How many is too many?

The team has their first iteration ahead of them, and they will be working on several different tasks during the 4 weeks period. The tasks are picked out, the time estimates are done, the backlog is filled in, but now, since this is their first Sprint together, the team members have to start finding out answers to several questions they have before them.

LittleMissLisa believes that there are no absolute best answers, but that they have to come to what will work best for just them. The team may not discover it from their first attempt, but one has to start somewhere!

The Team is having a short brainstorming to solve the following:

Meaning – when describing a possible workflow for a task, how many and which statuses should they use for that?

The Team decided to have a coffee&chat break before each member writes on the post-its their suggestions – one post-it per proposed status.

The Alien: I have looked up “status”, and the meaning we are after here is “A situation or state of affairs.” What I found interesting is that plural of “status” is “status” in British English, and “statuses” in American English.

LittleMissLisa: We will be using AE plural to avoid confusion that might arise in communication because of such a simple thing as a plural form of a noun! Anyway, should we maybe write our ideas on the whiteboard?

The Team: Yes! Let us define what is important to have in mind when adopting our possible task statuses!

  1. CLARITY – They should be self explanatory.
  2. MODULARITY (WORKFLOW BUILDING BLOCKS) – We should be able to order them so that they correctly represent the workflow – in a time dependant sequence – like the Semaphore light states can be ordered in Red-Yellow-Green sequence.
  3. NO REDUNDANCY
  4. VISIBILITY – It would be good if we could divide the whiteboard in columns – a column per status, and organize tasks written on post-its within those columns, so that we keep the progress very visible at all times.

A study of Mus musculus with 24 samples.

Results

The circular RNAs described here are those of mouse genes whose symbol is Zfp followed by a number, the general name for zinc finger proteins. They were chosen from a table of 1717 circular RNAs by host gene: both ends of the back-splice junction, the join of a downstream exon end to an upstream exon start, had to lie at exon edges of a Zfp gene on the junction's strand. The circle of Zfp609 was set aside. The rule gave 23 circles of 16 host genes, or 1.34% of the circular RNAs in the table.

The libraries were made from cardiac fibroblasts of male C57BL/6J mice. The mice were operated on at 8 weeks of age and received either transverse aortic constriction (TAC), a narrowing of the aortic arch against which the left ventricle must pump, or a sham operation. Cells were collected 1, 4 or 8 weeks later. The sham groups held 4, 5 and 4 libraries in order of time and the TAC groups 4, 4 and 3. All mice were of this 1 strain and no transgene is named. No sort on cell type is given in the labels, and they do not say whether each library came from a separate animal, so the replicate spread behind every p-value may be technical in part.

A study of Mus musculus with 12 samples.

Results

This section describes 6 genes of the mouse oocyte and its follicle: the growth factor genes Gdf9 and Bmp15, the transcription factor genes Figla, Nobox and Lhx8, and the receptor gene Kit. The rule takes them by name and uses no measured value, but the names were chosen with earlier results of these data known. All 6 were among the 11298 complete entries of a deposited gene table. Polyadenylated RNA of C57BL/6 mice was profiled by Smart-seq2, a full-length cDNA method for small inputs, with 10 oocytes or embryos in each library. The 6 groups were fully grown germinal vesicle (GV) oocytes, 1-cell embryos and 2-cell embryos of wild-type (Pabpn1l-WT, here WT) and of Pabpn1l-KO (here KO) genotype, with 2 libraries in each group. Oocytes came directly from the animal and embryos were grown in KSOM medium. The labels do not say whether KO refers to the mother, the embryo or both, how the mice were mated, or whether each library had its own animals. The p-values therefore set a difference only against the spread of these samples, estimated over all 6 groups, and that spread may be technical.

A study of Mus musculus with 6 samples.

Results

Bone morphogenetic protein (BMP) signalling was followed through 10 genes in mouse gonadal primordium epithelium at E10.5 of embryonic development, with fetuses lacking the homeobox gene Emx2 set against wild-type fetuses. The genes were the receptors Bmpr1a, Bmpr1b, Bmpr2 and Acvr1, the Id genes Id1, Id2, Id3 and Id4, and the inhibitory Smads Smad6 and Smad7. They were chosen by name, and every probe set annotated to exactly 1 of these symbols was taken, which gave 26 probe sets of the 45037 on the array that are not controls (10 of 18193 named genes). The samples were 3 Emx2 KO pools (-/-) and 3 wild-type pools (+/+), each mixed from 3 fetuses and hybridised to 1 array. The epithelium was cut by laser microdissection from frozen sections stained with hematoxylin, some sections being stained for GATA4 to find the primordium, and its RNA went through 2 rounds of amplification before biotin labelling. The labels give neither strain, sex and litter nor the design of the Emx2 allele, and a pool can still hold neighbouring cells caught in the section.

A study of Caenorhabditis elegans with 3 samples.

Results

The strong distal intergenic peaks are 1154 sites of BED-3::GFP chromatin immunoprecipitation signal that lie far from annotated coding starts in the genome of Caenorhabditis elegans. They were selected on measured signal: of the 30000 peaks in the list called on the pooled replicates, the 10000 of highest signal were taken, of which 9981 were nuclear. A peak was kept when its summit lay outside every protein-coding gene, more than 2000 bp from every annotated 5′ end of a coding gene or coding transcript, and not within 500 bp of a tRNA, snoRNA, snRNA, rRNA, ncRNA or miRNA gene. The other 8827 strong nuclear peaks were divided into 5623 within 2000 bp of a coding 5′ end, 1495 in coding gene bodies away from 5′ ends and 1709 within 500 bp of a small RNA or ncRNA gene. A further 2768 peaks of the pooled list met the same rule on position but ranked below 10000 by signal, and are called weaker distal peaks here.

5. A REASONABLE NUMBER – There should not be too few, but not too many statuses either. For example – DONE, NOT DONE may be a bit too few statuses. But, how many is too many?!

 

The post-its are written and the following statuses suggestions came up:

- Analysed
– Approved
– Assigned
– Cancelled
– Closed
– Duplicate
– Forwarded
– New
– Opened
– Postponed
– Rejected
– Resolved
– Submitted
– Verified

LittleMissLisa: Okay. So, we all agree that… let me see… 14 may not be what we here called “a reasonable number” ?

The Team: We agree!

LittleMissLisa: Okay. Maybe we can all together put all the post-its with the statuses on the whiteboard, and then try to move and group the similar ones together?

LittleMissLisa: This looks great! Can we maybe name the groups now?

The titles get put spontaneously, with the team members consulting each other around the whiteboard, in the same manner when they were moving and grouping and re-grouping the post-its.

The Team: This looks good! We can use these titles for our statuses! If a need to add or change something arises, we will do it. It would be silly to pretend we can figure out everything from the start.

The Alien: Hmmm, I heard about this old Waterfall methodology, when people honestly believed that they could figure it all from the start…

LittleMissLisa: It is not really that archaic. Not yet… that one and the clones of it are still used very much. The “Embrace change” wave works slower than many hoped it would.

The Alien: You humans are just too funny!


  1. Eivind says:

    Nice work, Jelena. The grouping seems quite intuitive, but are we sure that it covers what we need? What about asking the team members about which scenarios or objectives they had in mind when coming up with their suggestions. Can these scenarios be successfully replayed with the reduced number of statuses?

  2. Jelena says:

    Thank you Eivind!

    In this particular case, we had a sunny day scenario, in a way, since all the members discussed the proposed statuses while moving them and grouping them together, and they came to a common solution that seemed okay.

    Let us say, it was not the case, and at the end of the grouping activity, we still have Toby who wants one extra status that everyone else seems reluctant to single out to a “basic building block” status.

    First step – Toby should try to explain the scenario where he thought an extra status he proposed would bring in an extra value to the process of describing the workflow, and to the people working with it.

    If the group still does not change their opinion after their attempt to understand and the discussion, the coach/facilitator could help with making it clear that different people have very different abilities to understand abstractions fast, but quite similar and approximately equally fast understanding of an obvious need if they personally encounter it. Abstractions are hard.

    Also, the group does not work with crystal balls and similar, trying to predict everything from the start – no; they will happily change their ways if that brings them progress.

    In that case, if the group still thinks that the status Toby proposed should not be singled out, hopefully everyone, including Toby, will agree that it should be simple to just add a new status if the need occurs.